TOKYO • Japanese Prime Minister Shinzo Abe is making his government's campaign for better work-life balance a personal one.
This week, he went back to his vacation home in the mountains west of Tokyo for a second summer break.
Having spent eight days last month at his residence near Lake Kawaguchi, 100km from the capital, he returned there on Tuesday. Apart from end of war commemorations on Monday, he has no official engagements until the closing ceremony for the Rio Olympics on Aug 21.
That is more than two weeks off, making it the longest summer vacation for a premier since Mr Junichiro Koizumi was in office over a decade ago, the Nikkei newspaper said.
Mr Abe's escape from the city heat comes as the government extols the need for changed working practices, in part to bolster the fertility rate and pull more women into a shrinking labour force.
LIFESTYLE CHANGE REQUIRED
The government is asking women to work and raise children at the same time. If you don't change the lifestyles of both women and their husbands, you cannot make this target achievable.
MR MASAMICHI ADACHI, a senior economist at JP Morgan Securities in Tokyo.
Efforts to curb excessive working hours have been welcomed by economists, though it could be years before results are seen.
"The government is asking women to work and raise children at the same time," said Mr Masamichi Adachi, senior economist at JP Morgan Securities in Tokyo.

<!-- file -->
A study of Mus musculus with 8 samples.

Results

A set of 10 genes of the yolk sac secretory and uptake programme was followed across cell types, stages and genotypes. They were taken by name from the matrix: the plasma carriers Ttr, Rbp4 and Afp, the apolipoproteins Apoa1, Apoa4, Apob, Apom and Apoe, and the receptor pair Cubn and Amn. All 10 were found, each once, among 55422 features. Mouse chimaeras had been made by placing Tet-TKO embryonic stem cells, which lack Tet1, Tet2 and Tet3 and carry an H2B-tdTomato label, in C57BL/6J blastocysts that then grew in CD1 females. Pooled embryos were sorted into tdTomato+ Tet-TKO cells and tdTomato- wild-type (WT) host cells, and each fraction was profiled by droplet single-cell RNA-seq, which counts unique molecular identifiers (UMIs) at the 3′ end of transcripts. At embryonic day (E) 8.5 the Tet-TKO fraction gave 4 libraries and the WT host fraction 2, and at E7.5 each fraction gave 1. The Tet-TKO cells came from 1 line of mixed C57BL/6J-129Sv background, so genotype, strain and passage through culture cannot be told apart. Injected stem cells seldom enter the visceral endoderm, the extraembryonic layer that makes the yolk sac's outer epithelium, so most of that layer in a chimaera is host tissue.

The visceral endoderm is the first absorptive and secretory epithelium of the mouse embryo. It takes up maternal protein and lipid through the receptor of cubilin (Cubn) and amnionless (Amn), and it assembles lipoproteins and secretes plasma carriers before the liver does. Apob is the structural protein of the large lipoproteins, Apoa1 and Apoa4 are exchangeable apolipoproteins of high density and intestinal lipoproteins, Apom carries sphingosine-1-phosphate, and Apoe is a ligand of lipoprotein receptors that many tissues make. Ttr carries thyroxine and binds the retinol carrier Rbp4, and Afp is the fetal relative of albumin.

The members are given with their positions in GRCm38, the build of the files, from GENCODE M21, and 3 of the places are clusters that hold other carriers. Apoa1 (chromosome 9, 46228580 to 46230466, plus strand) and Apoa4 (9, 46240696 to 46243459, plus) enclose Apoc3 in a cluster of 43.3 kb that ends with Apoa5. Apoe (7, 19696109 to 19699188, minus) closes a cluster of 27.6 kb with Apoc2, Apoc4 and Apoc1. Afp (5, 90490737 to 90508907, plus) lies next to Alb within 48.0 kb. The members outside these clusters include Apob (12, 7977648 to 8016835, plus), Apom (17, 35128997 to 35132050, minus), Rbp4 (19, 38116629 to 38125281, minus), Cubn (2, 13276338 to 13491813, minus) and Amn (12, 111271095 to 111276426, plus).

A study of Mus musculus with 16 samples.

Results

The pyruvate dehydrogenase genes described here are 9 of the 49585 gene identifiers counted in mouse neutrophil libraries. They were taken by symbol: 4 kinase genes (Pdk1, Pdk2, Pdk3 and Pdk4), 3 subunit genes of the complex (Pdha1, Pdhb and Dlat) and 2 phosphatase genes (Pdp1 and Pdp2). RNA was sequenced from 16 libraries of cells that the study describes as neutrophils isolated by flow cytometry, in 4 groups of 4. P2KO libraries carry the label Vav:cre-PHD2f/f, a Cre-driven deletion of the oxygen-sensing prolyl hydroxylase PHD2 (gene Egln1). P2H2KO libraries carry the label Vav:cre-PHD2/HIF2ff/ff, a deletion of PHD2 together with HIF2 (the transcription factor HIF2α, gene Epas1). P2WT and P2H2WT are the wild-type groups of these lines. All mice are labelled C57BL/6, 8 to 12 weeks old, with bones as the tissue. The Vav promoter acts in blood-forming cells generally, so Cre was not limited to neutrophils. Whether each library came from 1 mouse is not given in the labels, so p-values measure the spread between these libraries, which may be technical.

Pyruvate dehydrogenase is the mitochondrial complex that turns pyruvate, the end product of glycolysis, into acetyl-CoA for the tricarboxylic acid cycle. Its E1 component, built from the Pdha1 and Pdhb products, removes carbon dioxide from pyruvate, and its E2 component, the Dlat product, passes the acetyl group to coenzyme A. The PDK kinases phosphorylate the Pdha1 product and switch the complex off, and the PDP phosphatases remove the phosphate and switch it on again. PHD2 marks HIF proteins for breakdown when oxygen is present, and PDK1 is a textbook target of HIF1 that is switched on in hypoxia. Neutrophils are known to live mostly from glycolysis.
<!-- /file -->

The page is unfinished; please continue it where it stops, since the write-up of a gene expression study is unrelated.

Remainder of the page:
"If you don't change the lifestyles of both women and their husbands, you cannot make this target achievable," he added.
The average Japanese worker takes 8.8 paid days off a year, less than half the average entitlement of 18.4 days, according to a government survey. In an economic policy package published last week, the Cabinet Office vowed to tackle long working hours and enable more people to work remotely as part of its target of sustaining the population around 100 million.
Mr Motosada Matano, director of global communications in Mr Abe's office, said work reforms are a bigger initiative than just getting people to take vacations.
Still, he added: "Taking longer vacations has long been strongly recommended in our government and has become our common practice... It's good for promoting tourism as well." Keidanren, Japan's most powerful business lobby, joined the campaign by sending out a notice last week appealing to members to get their employees to take more time off - specifying at least four days in a row.
Even so, a government panel on working practices will probably steer clear of pushing for the market deregulation that could boost labour mobility, improve productivity and spark innovation.
Businesses may also be less receptive to ideas about tackling the pay differential between lifetime employees and other workers, Mr Harris said, and employers would likely fight any changes that raise their costs.
Tokyo University's Professor Yuichiro Mizumachi, who specialises in labour law and served on a government panel on labour reform in 2013, said there would be debate on setting a legal upper limit on working hours.
He said: "Measures to increase labour mobility could lead to employment instability and a temporary fall in consumption. That would run counter to Abe's economic policies, so I don't think the panel will discuss them in concrete terms."